Wednesday, August 30, 2006

Santa Rosa's Bishop Walsh's delay in reporting abuse and the only appropriate response to this

As of last Thursday, the investigators looking into Santa Rosa's Bishop Daniel Walsh’s delay in reporting child sex abuse suspicions involving fugitive priest Xavier Ochoa has been concluded.

It is now up to the Sonoma County’s District Attorney’s Office to determine if charges will be filed against Walsh.

The story is that on April 28 Ochoa told Walsh and other church officials that Ochoa had inappropriate contact with children.

In a situation such as this, California law requires clergy members and other “mandatory reporters” to report abuse “immediately or as soon as practicably possible” by phone and to follow up by fax or e-mail within 36 hours.

But it took Walsh four days before he contacted the Sheriff’s Department by fax.

And prior to notifying the Sheriff’s Department, reports say that two days after Ochoa’s meeting with Bishop Walsh, Walsh had informed Ochoa that he is to be reported. This apparently gave Ochoa some time to make preparations to flee to Mexico.

According to Sheriff's Sgt. Dennis O'Leary, "We think we have a strong enough case here for charges to be filed."

The faithful of Santa Rosa have come to the Bishop’s defense. Most notably, 13 lay leaders in the diocese wrote a commentary last Saturday published in the local newspaper.

An interesting portion of their commentary/defense reads: “Not unlike the CEO of a multimillion-dollar corporation, Bishop Walsh is the hub of a significant wheel of Catholicism in our northern counties. But unlike the corporate CEO who travels to and from his responsibilities in a corporate jet, Walsh pushes his way up and down Highway 101 to his responsibilities in a 2000 Volvo.”

It also catalogues the Bishop’s many responsibilities and duties outside his diocese.

Well, all of that didn’t impress many readers of the paper.

One person wrote: “If [Walsh] had run their church into bankruptcy or embezzled funds, would they still be defending him as a ‘man of high moral rectitude’? I am appalled that these 13 gentlemen condone as an ‘unfortunate error’ the release of an alleged child molester, allowing him to escape into Mexico where he could continue his alleged pattern of preying upon children there.”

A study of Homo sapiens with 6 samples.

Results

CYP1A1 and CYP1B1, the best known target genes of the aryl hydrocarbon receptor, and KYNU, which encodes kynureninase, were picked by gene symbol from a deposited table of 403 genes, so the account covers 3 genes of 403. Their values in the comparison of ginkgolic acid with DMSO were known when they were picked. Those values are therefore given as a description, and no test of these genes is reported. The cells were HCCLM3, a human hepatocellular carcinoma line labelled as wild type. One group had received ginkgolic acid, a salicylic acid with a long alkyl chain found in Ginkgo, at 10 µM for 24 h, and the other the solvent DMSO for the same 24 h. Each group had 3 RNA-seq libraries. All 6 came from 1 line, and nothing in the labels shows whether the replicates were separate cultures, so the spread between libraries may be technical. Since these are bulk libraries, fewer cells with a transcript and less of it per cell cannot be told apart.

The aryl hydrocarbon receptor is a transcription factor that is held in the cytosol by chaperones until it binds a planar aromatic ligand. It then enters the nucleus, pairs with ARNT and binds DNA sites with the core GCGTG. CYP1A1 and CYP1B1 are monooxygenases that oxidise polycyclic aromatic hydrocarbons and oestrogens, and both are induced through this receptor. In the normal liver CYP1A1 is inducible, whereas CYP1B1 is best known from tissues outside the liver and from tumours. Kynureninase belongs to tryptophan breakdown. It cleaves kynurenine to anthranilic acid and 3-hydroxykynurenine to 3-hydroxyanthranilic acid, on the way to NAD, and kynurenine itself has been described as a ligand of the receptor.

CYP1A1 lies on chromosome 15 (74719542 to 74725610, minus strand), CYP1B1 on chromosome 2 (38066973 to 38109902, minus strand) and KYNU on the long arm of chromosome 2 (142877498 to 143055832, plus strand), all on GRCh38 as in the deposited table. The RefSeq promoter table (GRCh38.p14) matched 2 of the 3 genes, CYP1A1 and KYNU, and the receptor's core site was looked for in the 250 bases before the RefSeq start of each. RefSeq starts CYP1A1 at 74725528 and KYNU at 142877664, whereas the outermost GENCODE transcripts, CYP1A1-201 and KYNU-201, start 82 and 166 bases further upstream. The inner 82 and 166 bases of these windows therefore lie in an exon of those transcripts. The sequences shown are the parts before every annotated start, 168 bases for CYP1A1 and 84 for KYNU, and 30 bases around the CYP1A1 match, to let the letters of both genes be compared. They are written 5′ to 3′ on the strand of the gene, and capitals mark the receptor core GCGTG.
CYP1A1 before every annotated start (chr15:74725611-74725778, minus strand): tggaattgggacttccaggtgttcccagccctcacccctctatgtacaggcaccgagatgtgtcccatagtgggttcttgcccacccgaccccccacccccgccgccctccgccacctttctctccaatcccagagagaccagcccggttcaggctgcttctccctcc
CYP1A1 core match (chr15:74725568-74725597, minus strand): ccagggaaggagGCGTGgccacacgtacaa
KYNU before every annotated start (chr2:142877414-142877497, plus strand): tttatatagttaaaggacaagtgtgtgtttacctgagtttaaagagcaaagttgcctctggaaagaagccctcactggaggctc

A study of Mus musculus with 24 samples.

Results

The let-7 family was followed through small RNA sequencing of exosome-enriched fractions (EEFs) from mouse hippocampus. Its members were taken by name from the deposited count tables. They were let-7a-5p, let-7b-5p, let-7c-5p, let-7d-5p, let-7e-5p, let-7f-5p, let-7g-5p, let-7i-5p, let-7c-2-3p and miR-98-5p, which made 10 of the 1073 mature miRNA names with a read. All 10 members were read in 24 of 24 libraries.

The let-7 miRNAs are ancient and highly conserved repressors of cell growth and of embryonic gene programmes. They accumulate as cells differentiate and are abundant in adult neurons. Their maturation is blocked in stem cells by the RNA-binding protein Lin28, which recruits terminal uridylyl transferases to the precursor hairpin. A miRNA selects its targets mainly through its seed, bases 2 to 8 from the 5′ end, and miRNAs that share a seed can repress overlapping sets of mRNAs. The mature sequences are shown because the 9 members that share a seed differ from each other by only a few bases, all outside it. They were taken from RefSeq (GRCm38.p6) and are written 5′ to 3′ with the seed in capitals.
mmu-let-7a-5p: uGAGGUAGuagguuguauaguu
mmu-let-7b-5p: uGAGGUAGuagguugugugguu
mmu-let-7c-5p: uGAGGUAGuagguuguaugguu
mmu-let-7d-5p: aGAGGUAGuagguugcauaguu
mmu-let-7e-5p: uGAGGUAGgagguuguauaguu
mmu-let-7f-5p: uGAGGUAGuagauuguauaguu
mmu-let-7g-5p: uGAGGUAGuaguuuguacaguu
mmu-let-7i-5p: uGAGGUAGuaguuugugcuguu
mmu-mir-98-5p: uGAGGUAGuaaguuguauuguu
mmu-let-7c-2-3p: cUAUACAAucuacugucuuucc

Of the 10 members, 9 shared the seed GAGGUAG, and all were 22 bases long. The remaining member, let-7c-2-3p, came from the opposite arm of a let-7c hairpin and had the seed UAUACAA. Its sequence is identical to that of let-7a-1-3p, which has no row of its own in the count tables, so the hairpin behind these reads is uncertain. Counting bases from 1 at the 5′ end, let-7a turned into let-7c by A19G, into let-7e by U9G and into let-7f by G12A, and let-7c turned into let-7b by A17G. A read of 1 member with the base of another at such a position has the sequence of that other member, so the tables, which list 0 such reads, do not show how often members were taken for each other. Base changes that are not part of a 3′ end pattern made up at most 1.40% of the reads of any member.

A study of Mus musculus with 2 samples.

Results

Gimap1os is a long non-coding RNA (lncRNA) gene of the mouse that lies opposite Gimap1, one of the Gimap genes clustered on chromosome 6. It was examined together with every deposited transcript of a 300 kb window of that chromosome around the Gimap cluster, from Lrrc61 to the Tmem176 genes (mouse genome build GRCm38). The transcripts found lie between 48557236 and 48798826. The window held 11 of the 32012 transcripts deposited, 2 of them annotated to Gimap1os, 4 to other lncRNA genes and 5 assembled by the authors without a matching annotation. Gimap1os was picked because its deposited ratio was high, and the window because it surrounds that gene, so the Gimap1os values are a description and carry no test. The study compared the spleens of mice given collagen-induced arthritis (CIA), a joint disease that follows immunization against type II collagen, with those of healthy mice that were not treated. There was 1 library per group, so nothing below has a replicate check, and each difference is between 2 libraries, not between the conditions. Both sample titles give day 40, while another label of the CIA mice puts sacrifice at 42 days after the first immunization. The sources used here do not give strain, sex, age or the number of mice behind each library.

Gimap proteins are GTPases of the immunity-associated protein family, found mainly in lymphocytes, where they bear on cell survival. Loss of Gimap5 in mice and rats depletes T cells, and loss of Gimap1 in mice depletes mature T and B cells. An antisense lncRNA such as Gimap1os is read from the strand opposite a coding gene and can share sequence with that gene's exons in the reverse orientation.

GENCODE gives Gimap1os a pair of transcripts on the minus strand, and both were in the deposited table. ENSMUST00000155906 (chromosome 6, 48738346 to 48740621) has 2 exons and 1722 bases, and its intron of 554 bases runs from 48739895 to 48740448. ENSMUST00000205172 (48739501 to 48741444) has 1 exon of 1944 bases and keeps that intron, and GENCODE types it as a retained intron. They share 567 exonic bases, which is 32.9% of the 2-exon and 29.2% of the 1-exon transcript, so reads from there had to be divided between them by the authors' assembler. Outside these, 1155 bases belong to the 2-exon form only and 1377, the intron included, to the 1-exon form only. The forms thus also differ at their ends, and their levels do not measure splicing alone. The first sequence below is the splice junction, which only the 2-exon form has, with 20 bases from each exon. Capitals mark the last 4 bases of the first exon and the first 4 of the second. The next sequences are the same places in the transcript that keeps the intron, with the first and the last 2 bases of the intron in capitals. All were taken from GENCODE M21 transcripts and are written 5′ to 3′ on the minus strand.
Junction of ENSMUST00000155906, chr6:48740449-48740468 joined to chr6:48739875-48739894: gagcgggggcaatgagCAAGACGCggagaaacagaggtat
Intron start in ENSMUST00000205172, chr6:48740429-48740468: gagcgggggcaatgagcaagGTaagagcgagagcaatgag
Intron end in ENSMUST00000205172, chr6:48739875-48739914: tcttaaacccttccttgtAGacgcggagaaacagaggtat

One writer commented: “They compare Walsh to a ‘CEO of a multi-million dollar corporation.’ So was Kenneth Lay, whom friends described as a godly man of high moral standards....a clergyman of Walsh’s standing should know better, particularly in view of ongoing church scandals where child abuse is concerned.”

And another wrote: “The issue is not how good an administrator he is but how good a shepherd he has been to the least of his brethren.”

It is indeed heartening to hear these lay leaders come to the defense of their Bishop. I am sure they realize, that given the scandalous news that emerged 4 years ago in the media, intense scrutiny is now invested (and rightly so) on the Church’s bishops and priests to adhere to the commitment to protect children.

In other words, we cannot afford to be excessively “cautious” in reporting matters as grave as this.

And Bishop Walsh, I am glad to hear, now realizes this. His is perhaps the only appropriate response to this whole mess: admit one's mistake and accept the consequences.

In a recent message to the Diocese, Walsh says:

“I waited from an excess of caution. In attempting to consult first with our diocesan attorney, I made a mistake. I failed to be guided by my own precepts for decisive action....The best way to renew the healing process and rebuild a spirit of understanding is to admit my own personal fault, and accept any consequences that may ensue....If I am found guilty for not taking immediate action, I will accept whatever punishment is imposed.”